Kalush Orchestra and British politicians speak out about EBU’s decision to exclude Zelenskyy from Eurovision 2023 final

May 13, 2023


Kalush Orchestra have spoken out about the EBU's decision to exclude Zelenskyy from the Eurovision 2023 final.

Eurovision 2022 winners Kalush Orchestra have spoken out about the EBU’s decision to not include President Volodymyr Zelenskyy in the Eurovision 2023 final, saying that he would have only wanted to thank the British people for hosting the contest.

Yesterday, the EBU released a statement that Volodymyr Zelensky will not be making any appearance at any point during the grand final of Eurovision 2023, with the main reason being that one of the cornerstones of the Contest is the non-political nature of the event. This principle prohibits the possibility of making political or similar statements as part of the Contest.”

Tymofii Muzychuk, the pipe player of Kalush Orchestra has told the PA news agency: “Actually we think that President Zelenskyy would have wanted to thank all the British people for doing this and, as we can see, Britain took this very responsibly, the UK. And so actually I think it would have been nice for him to talk.”

Alongside Kalush Orchestra, Labour leader Sir Keir Starmer, and both the current and former Prime Minister of the United Kingdom, Rishi Sunak and Boris Johnson respectively, have spoken out against the EBU’s decision.

Rishi Sunak’s official spokesman said the prime minister was “disappointed” by the move, but at the moment, there does not seem to be any plans in place to ask the EBU to change their mind.

His official spokesman has told reporters: “The prime minister believes it would be fitting for President Zelenskyy to address the event and we’re disappointed by the decision from the European broadcasting union. “The values and freedoms that President Zelenskyy and the people of Ukraine are fighting for are not political, they’re fundamental, and Eurovision themselves recognised that last year when they rightly suspended Russia’s participation from the competition.”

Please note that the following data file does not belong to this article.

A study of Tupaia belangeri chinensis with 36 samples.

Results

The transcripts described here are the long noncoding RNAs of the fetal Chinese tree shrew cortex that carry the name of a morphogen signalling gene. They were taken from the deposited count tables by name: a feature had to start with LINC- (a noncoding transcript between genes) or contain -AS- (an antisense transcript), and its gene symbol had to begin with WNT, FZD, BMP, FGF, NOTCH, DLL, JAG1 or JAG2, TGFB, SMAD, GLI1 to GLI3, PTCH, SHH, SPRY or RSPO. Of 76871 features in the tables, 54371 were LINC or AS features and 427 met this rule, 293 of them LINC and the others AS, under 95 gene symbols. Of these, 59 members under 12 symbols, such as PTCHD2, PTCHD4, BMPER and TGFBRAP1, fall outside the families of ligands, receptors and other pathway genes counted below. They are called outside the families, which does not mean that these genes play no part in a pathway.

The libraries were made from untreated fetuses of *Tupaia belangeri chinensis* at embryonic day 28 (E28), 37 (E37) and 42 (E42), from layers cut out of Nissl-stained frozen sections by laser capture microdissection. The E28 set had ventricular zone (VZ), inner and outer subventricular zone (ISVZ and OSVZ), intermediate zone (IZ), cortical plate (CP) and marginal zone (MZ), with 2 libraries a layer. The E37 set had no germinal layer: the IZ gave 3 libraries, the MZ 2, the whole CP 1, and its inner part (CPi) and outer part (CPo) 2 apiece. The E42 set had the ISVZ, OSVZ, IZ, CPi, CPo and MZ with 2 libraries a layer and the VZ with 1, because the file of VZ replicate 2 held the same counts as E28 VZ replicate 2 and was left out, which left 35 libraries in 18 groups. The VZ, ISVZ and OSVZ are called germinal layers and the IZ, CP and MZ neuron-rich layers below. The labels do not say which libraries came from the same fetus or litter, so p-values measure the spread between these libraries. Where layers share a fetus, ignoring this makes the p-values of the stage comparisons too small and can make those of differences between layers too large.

However, all hope is (potentially) not lost, as Liverpool City region mayor Steve Rotheram has said that he will speak with the Ukrainian ambassador, and the Mayor of Lviv, whom are both in Liverpool, “to discuss what we can do to provide a platform” for Zelenskyy.

The 67th edition of the Eurovision Song Contest is being hosted in Liverpool, United Kingdom, after it was decided that 2022 winners Ukraine could not safely host the contest in their own country.

Runners-up of the 2022 contest, the United Kingdom, stepped up amd offered to host the contest in a joint collaboration between the United Kingdom (BBC) and Ukraine (UA:PBC).

What are your thoughts on this? Do you agree with Kalush Orchestra and the British politicians? Let us know your thoughts on this in the comments below!

One Response

  1. I think the EBU erred on the side of caution. We can’t know what would have been said, and the contest does try to keep the playing field level. Perhaps an “epilogue” (or after-remarks) might have worked, but once the winner has done their reprise, the show’s over and people tune out. Still, if whatever was to be said was (as Kalush suggested) just a thank you, a taped message on social media can produce the same result.